At Wright's faculty address, less news is good news
President of the College James Wright addressed the faculty at yesterday's general faculty meeting, where he outlined the College's goals and priorities, while provoking little opposition from the faculty.
Whereas last year's meeting was marked by virulent protest across departmental boundaries regarding budget cuts, President Wright's address yesterday was greeted with strong applause, to the obvious delight of a smiling Wright.
Wright's news was considerably rosier than last year's. Over the past fiscal year, the endowment grew to $2.1 billion, up from $1.5 billion in 1998, but still less than the $2.2 billion of 2001.
"In short, Dartmouth is strong and well," Wright said. "We have worked through the worst economic downturn in years."
However, Wright added that budget projections for fiscal year 2005 indicate the College's expenses will increase more than its revenues. Wright addressed this discrepancy in saying that Executive Vice President for Finance and Administration Adam Keller is looking into the problem.
While consistently praising faculty, students, administrators, staff and alumni, Wright stressed that more must be done to protect and develop Dartmouth's core strengths and values, including its collegiality, collaboration and community-based commitment to excellence and creativity.
"I would assert that Dartmouth provides the best education to its students at all levels," he said. "But we need to nurture that excellence."
His priorities included the continuation of increasing and improving faculty, protecting "need blind" admissions and making improvements to the physical plant.
With regards to facilities, Wright cited plans to construct or improve dorm space for 500 students, dining/social, arts and computer science centers, but he expressed frustratation at the inability to develop a Life Science center.
Wright pledged his commitment to need blind admissions, citing the difficulty families have in paying tuition. This comes despite a decreased dependence on tuition, as it pays for less than 50 percent of the budget.
"This is something that I know you value highly, and so do I," he said.
Wright stated his commitment to expanding and retaining the best faculty members, along with improving major advising and increasing faculty governance. He also introduced a new program called the Center for Teaching and Learning, to be located in Baker Library.
This resource would provide technological support for teachers, as well as giving them a forum to better techniques.
This item in the budget drew the only criticism from the audience. Classics Professor Edward Bradley objected to the center, citing the already high quality of Dartmouth faculty. Furthermore, he criticized the using of $3 million from the already strained budget for what he saw as an unnecessary program.
"I just wish there were a little more discussion," Bradley said. "I speak from a small department who has been denied the replacement of a senior faculty member, where $3 million is not a small item."
Wright and Provost Barry Scherr disagreed, citing the need to continue cultivating high quality teachers at what they deemed a low cost.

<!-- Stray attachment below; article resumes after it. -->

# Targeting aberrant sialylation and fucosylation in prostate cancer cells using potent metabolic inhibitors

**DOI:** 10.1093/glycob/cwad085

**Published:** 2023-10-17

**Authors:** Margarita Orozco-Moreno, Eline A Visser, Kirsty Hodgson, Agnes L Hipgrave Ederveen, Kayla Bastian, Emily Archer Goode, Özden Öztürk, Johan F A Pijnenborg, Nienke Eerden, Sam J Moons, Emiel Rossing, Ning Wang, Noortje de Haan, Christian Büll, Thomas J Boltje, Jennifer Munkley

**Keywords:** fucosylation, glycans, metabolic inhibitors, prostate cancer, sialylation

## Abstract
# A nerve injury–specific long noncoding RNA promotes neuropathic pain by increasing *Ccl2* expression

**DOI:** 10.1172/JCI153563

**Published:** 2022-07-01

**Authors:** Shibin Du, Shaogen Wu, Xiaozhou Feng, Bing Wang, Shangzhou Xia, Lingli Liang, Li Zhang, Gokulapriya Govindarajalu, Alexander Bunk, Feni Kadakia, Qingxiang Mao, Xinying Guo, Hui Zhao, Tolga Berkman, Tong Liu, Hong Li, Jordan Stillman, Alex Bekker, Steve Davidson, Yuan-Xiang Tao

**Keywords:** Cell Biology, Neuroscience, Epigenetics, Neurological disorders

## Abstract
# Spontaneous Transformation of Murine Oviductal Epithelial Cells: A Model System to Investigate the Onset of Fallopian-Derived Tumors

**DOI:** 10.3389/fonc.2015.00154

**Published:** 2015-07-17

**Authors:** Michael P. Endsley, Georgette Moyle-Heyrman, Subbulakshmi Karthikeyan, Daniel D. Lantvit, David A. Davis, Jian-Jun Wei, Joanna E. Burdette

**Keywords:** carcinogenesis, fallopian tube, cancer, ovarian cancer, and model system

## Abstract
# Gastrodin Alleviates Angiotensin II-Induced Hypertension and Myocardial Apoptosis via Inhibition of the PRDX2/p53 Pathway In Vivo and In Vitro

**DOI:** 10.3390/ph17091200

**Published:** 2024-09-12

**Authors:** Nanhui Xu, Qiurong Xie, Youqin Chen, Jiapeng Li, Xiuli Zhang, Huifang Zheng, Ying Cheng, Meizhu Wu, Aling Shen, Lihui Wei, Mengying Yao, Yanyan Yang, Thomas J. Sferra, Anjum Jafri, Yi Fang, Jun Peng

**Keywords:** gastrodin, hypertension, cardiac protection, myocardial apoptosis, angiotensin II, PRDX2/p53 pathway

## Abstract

"It's not a major investment at all," said Wright.
Wright went on to address tensions between sections of faculty, which during last year's budget crunch pitted humanities versus the sciences. As he did in his Convocation speech, Wright stressed the importance of the humanities to a liberal arts education. While sciences often can receive external grants for research, the humanities need to be funded almost exclusively by the school, he said. This creates the illusion that humanities are over-supported, according to Wright.
"We cannot use the same metrics when talking about relative strengths of humanities and sciences," he said.
The decline of the endowment was responsible for budget cuts to the library system, among other programs, which sparked protest at last year's faculty meeting. Yesterday Wright thanked the faculty for their cooperation in balancing the budget and outlined the Board of Trustees plan to decrease reliance on the endowment.
Previously, endowment spending was determined by its market value, which left spending vulnerable to the whims of the stock market. Wright said that the Trustees would likely approve a more stable approach to determining endowment spending, partially based on the Consumer Price Index. According to Wright, this would limit overspending in the boom years and limit harsh budget cuts in the bust.
Wright also addressed the long-term needs of the college, to be explained in his 5-Year-Report, which is set for release later this fall.
"Five years goes by fast, and we need to move forward with items on the agenda," Wright said. He later added, "We must have strategic adjustments and changes."
These adjustments not only include immediate issues such as faculty, need blind admissions and facilities, but possibly more discussion about degree requirement changes. He would like to see faculty discuss what a liberal arts student should learn, which he believes happens far too little.
Wright also praised the graduate schools, especially their ability to attract two thirds of the school's external research funding.
The meeting also included a vote on a proposed change in membership on the Council on Graduate Studies. This body is responsible for the governance of Dartmouth's graduate programs, but does not include any representation from the administration of degree-granting graduate programs. The proposed council would replace faculty of the arts and sciences with those more involved with the programs. This motion passed by unanimous voice vote and attracted no questions or opposition from the general faculty, but must still be approved by the other four faculties.